Conwy: The Town Walls from the South East

1794 - 1797

Primary Image: TG0781: Thomas Girtin (1775–1802) and Joseph Mallord William Turner (1775–1851), after (?) Edward Dayes (1763–1804), Conwy: The Town Walls from the South East, 1794–97, graphite and watercolour on wove paper, 27.7 × 39.2 cm, 10 ⅞ × 15 ⅜ in. Tate, Turner Bequest CCCLXXI, M (D36355 ).

Photo courtesy of Tate (All Rights Reserved)

Thomas Girtin (1775-1802) and Joseph Mallord William Turner (1775-1851) after (?) Edward Dayes (1763-1804)
  • Conwy: The Town Walls from the South East
1794 - 1797
Medium and Support
Graphite and watercolour on wove paper
27.7 × 39.2 cm, 10 ⅞ × 15 ⅜ in

'Landscape of Ruined castle 1796' on the back, by Charles Francis Bell

Object Type
Collaborations; Monro School Copy
Subject Terms
Castle Ruins; North Wales

Catalogue Number
Description Source(s)
Viewed in January 2018


Dr Thomas Monro (1759–1833); his posthumous sale, Christie's, 26–28 June and 1–2 July 1833 (day and lot number not known); bought by Joseph Mallord William Turner (1775–1851); accepted by the nation as part of the Turner Bequest, 1856

Exhibition History

Fourth Loan Exhibition, 1896–1931, no.5 as ’An Italian Scene’ by Joseph Mallord William Turner


Turner Online as 'Conwy, North Wales, from the East, with Allt-Wen in the Distance' by Joseph Mallord William Turner and Thomas Girtin (Accessed 09/09/2022)

About this Work

This view of the town walls of Conwy in North Wales was made at the home Dr Thomas Monro (1759–1833) and was bought at his posthumous sale by Joseph Mallord William Turner (1775–1851). It was here that Turner and his almost exact contemporary, Girtin, were employed across three winters, probably between 1794 and 1797, to copy ‘the outlines or unfinished drawings of’ principally John Robert Cozens (1752–97), but other artists too, including Girtin’s master, Edward Dayes (1763–1804). As they recalled to the diarist Joseph Farington (1747–1821), the ‘finished drawings’ were the result of a strict division of labour: ‘Girtin drew in outlines and Turner washed in the effects’. The young artists reported that ‘They went at 6 and staid till Ten’, with Turner receiving ‘3s. 6d each night’ whilst ‘Girtin did not say what He had’ (Farington, Diary, 12 November 1798).1 The outcome of their joint labours was substantial, amounting to several hundred drawings of which nine or so are views in North Wales.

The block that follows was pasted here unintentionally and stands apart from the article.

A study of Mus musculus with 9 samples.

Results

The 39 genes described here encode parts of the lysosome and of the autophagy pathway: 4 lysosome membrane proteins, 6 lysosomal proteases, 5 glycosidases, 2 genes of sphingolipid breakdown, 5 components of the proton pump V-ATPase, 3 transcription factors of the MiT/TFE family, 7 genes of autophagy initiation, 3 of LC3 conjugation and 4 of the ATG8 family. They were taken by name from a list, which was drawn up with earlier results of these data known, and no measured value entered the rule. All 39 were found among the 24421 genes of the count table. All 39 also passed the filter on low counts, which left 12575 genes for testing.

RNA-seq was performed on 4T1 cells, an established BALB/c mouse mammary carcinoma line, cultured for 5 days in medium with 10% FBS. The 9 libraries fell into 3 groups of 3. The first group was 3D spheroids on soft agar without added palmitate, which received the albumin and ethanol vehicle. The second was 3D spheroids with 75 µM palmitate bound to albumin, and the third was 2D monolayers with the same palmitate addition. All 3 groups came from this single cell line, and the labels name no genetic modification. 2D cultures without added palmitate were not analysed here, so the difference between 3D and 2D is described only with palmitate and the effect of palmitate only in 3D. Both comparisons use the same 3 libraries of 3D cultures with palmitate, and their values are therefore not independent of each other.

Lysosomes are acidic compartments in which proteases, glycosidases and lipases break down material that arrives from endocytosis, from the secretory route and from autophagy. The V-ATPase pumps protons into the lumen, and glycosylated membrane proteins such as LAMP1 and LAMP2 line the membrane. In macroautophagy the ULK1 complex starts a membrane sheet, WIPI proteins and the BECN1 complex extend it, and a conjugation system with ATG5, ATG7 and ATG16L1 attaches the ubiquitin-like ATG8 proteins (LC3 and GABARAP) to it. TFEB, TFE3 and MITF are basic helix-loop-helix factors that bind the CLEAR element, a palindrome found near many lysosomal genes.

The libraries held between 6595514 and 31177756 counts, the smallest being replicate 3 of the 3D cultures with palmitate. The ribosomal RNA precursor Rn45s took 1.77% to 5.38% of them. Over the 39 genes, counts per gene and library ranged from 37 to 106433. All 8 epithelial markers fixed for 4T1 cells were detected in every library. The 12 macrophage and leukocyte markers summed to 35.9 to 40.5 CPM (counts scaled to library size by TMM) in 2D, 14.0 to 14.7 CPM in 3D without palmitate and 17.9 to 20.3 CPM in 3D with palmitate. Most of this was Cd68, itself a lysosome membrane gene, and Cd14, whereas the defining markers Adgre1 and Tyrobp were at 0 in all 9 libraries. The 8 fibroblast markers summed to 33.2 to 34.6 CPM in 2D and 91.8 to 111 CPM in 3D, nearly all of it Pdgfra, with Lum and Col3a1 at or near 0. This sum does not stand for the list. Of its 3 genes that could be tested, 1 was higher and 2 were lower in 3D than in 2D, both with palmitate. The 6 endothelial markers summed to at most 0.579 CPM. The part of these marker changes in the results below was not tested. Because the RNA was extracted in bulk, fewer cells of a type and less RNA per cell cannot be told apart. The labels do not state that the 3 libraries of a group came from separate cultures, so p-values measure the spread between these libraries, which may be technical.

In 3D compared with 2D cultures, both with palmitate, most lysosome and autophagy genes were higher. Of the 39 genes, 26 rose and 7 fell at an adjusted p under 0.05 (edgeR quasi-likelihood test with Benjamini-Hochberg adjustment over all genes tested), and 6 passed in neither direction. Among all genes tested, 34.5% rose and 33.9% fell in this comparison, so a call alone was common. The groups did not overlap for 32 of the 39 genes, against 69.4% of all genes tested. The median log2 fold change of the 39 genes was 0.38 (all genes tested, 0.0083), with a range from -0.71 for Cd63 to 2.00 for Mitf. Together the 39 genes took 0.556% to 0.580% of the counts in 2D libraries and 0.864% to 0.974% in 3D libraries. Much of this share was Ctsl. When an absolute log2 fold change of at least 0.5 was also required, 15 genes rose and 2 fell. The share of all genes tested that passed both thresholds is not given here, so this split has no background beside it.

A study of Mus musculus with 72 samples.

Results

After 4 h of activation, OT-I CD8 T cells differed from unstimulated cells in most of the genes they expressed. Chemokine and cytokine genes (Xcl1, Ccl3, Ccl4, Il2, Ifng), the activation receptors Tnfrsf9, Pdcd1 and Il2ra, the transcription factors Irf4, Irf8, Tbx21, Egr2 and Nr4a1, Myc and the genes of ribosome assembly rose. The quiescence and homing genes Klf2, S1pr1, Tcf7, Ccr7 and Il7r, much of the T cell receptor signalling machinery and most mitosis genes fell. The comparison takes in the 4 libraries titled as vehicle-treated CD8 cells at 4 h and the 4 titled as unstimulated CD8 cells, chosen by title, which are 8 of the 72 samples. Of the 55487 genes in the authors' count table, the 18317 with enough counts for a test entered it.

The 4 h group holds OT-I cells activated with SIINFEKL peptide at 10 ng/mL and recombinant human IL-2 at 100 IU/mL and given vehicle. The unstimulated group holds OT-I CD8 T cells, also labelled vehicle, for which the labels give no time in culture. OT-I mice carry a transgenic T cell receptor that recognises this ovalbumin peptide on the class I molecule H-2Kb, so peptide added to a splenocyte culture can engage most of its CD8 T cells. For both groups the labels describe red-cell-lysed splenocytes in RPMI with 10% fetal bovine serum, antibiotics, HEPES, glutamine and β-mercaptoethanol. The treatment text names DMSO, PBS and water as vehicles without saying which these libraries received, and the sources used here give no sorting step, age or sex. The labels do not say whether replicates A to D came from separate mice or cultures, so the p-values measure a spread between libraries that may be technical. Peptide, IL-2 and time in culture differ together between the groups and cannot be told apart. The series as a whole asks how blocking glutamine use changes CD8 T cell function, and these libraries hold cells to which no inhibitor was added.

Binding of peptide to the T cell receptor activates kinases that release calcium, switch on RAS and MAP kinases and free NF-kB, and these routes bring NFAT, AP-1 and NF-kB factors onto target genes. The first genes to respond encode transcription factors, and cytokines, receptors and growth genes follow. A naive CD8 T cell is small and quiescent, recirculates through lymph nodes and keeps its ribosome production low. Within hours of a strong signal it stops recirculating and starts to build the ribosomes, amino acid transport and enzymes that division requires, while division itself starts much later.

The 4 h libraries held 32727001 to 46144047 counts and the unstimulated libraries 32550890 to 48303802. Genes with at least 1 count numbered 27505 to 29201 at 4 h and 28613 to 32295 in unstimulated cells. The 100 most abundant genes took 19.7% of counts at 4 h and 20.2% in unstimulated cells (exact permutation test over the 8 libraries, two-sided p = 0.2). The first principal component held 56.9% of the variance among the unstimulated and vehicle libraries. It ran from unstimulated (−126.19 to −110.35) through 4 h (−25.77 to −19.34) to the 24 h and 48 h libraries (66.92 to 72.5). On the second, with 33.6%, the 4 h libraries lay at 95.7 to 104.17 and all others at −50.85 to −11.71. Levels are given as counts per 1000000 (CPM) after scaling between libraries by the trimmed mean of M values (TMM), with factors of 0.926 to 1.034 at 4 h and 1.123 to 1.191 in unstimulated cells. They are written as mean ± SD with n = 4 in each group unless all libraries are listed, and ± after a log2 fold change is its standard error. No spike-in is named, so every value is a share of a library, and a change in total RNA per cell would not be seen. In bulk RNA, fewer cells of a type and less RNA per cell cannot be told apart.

Neither Girtin nor Turner had visited North Wales by the time of the production of this work, and so the Monro School views must have been made after compositions by other artists, principally Dayes, who also provided the models for the Lake District scenes. As with the numerous copies that Girtin and Turner created from compositions by Cozens, it was the slight sketches and outlines that Dayes made on his travels that were used as the source for the more finished watercolours. Monro’s posthumous sale, in 1833, contained several hundred of Dayes’ sketches, including a ‘Conway’, described as one of a series of ‘blue and Indian ink sketches’ (Exhibitions: Christie’s, 2 July 1833, lot 46). Typically, the precise Dayes source of this view of the town walls, a rare view of Conwy with no reference to the castle, has not been traced, though this does not mean we should look elsewhere for its model. Few of Dayes’ sketches have survived and, arguably, the fact that no source can be found suggests that it was a thoroughly unprepossessing drawing that required considerable transformational skills from the young artists.

This is one of several hundred works bought by Turner at Monro’s posthumous sale in 1833, the majority of which were attributed to him alone. The cataloguer of the Turner Bequest, Alexander Finberg, in contrast thought that Girtin was responsible for many of the watercolours, whilst more recently Andrew Wilton has established their joint authorship (Finberg, 1909, vol.2, pp.1226–44; Wilton, 1984a, pp.8–23). The division of labour is all the easier to establish when, as here, Turner’s sparing use of a simple palette of blues and greys leaves extensive areas of the paper clear to act as highlights, so that Girtin’s distinctive pencil work is visible in many areas, particularly in the buildings and the vegetation in the foreground.

by Greg Smith

Place depicted


  1. 1 The full diary entry, giving crucial details of the artists’ work at Monro’s house, is transcribed in the Documents section of the Archive (1798 – Item 2).